Your Week in Readings: The best literary events from September 28th - October 4th

Wednesday September 28th: Eye on India

The latest in a series of panels about the Indian/South Asian diaspora brings novelist Amitava Kumar, here with a book of essays titled, delightfully, Lunch With a Bigot; novelist Karan Mahajan; and musician Vidya Shah. The latter will perform some songs, and all will discuss what it means to be an Indian artist. Seattle Asian Art Museum, 1400 E Prospect St., 624-6600, $10. 7 p.m.

Thursday September 29th: Writing for a Cause

At a time when Donald Trump can block newspapers he doesn’t like from covering his campaign, this is more relevant than ever: Journalists Muatasim Qazi, Frederica Jansz, and former Seattle PI reporter Mike Lewis will discuss censorship. Jansz and Qazi both came to US after facing censorship abroad, only to find new threats here. Hugo House, 1021 Columbia St., 322-7030, Free. All ages. 7 p.m.

Friday September 30th: A Night with Wave Books

See our Event of the Week column for more details. Fred Wildlife Refuge, 128 Belmont Ave. E., Free. All ages. 7 p.m.

Saturday October 1st: Catharsis: A Community Grief Ritual

Why wait for a funeral to cry in public and mourn? This event co-sponsored by the Hugo House and the Seattle People of Color Salon is a place for people of all backgrounds to come and “honor their emotions,” a safe space to grieve people—and places, and emotions—that are never coming back. Hugo House, 1021 Columbia St., 322-7030, Free. All ages. Noon.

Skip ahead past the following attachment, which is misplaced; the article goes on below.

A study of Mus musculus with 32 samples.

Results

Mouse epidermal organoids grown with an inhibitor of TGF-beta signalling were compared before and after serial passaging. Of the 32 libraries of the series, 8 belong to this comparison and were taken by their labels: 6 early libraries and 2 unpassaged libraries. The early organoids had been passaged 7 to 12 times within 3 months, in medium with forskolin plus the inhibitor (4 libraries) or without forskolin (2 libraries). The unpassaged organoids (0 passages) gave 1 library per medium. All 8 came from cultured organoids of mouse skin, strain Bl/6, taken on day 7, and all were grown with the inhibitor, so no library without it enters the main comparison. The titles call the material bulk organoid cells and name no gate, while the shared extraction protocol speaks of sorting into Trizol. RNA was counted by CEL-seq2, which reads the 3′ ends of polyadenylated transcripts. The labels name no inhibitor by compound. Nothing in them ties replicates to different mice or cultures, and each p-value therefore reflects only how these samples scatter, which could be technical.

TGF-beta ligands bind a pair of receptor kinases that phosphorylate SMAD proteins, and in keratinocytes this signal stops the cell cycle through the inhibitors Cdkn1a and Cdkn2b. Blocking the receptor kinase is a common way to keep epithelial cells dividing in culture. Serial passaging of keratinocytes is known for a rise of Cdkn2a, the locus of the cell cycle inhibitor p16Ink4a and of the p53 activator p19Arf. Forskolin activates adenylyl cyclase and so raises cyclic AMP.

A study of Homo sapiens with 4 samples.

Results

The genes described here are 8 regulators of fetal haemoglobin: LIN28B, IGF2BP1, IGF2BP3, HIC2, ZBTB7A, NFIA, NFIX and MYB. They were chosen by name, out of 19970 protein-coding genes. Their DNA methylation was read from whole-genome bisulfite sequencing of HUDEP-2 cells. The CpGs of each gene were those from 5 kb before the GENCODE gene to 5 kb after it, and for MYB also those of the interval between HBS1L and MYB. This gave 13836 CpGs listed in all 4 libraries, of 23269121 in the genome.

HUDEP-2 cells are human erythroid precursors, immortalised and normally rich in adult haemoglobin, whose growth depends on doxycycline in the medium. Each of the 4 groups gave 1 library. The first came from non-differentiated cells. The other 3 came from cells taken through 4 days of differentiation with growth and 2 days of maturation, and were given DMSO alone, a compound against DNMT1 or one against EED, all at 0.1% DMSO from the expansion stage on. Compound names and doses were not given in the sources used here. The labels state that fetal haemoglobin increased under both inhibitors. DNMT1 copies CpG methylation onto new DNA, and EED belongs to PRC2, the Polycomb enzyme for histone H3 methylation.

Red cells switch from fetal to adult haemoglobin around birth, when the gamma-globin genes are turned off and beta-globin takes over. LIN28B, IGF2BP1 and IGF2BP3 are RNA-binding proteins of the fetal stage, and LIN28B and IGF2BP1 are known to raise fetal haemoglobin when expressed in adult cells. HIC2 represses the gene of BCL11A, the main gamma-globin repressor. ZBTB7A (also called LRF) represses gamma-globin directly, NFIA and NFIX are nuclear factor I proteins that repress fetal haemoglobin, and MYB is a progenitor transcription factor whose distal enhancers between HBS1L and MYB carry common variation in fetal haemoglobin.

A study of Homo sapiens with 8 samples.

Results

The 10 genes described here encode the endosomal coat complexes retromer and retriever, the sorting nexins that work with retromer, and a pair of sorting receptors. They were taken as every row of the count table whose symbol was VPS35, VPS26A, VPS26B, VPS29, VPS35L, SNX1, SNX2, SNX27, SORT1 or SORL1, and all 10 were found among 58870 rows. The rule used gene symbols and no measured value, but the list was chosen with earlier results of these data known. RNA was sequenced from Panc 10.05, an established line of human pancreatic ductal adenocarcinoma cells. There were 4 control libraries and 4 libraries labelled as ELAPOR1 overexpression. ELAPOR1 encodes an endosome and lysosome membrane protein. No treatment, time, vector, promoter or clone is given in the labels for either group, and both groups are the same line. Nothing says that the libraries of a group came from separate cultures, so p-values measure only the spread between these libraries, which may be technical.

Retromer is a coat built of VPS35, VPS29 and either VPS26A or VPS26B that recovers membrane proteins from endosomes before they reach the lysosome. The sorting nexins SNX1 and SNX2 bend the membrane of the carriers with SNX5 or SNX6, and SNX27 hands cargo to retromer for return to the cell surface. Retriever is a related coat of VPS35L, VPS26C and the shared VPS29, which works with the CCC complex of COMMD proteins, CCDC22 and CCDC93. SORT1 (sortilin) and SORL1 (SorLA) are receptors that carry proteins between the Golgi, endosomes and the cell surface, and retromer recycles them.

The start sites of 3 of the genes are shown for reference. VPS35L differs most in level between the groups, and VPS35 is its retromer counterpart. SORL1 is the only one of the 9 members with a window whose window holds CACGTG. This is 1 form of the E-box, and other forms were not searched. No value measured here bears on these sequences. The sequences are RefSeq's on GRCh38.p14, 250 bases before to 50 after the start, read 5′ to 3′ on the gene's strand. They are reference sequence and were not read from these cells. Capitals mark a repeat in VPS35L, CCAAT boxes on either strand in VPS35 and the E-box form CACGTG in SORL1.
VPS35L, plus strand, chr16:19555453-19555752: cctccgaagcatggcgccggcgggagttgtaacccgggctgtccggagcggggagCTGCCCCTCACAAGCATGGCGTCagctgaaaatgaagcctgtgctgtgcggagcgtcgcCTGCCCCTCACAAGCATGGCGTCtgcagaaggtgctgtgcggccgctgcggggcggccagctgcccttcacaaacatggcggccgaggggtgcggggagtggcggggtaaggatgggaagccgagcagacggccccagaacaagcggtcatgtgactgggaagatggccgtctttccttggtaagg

Sunday October 2nd: Seattle Writes

Once when I worked in a bookstore, a customer asked me to help him find a book he’d heard about on NPR. He explained that in the book, “a man meets another man, and there’s a conflict.” Seattle novelist Karen Finneyfrock’s latest writing class is all about how every book has conflict at its heart.Delridge Library,5423 Delridge Way SW., 733-9125, Free. All ages. 2 p.m.

Monday October 3rd: M Train Reading

Everyone is currently losing their mind over Bruce Springsteen’s new memoir, but if you’re gaga over The Boss and you haven’t read Patti Smith's second memoir, M Train, you’re missing out. Smith’s book—now out in paperback—is a literary marvel, a gorgeously written piece of art. Beat that, Bruce. University Temple Methodist Church, 1415 NE 43rd St, 634-3400-4255, $17.54. All ages. 7 p.m.

Tuesday October 4th: Citizen Scientist Reading

Mary Ellen Hannibal is not a scientist — by which I mean she did not spend the better part of a decade honing her scientific understanding in a university program. But her new book extols the joys of citizen science: observing the world, researching what happens, and reporting what you see. Town Hall Seattle, 1119 8th Ave., 652-4255, $5. All ages. 7:30 p.m.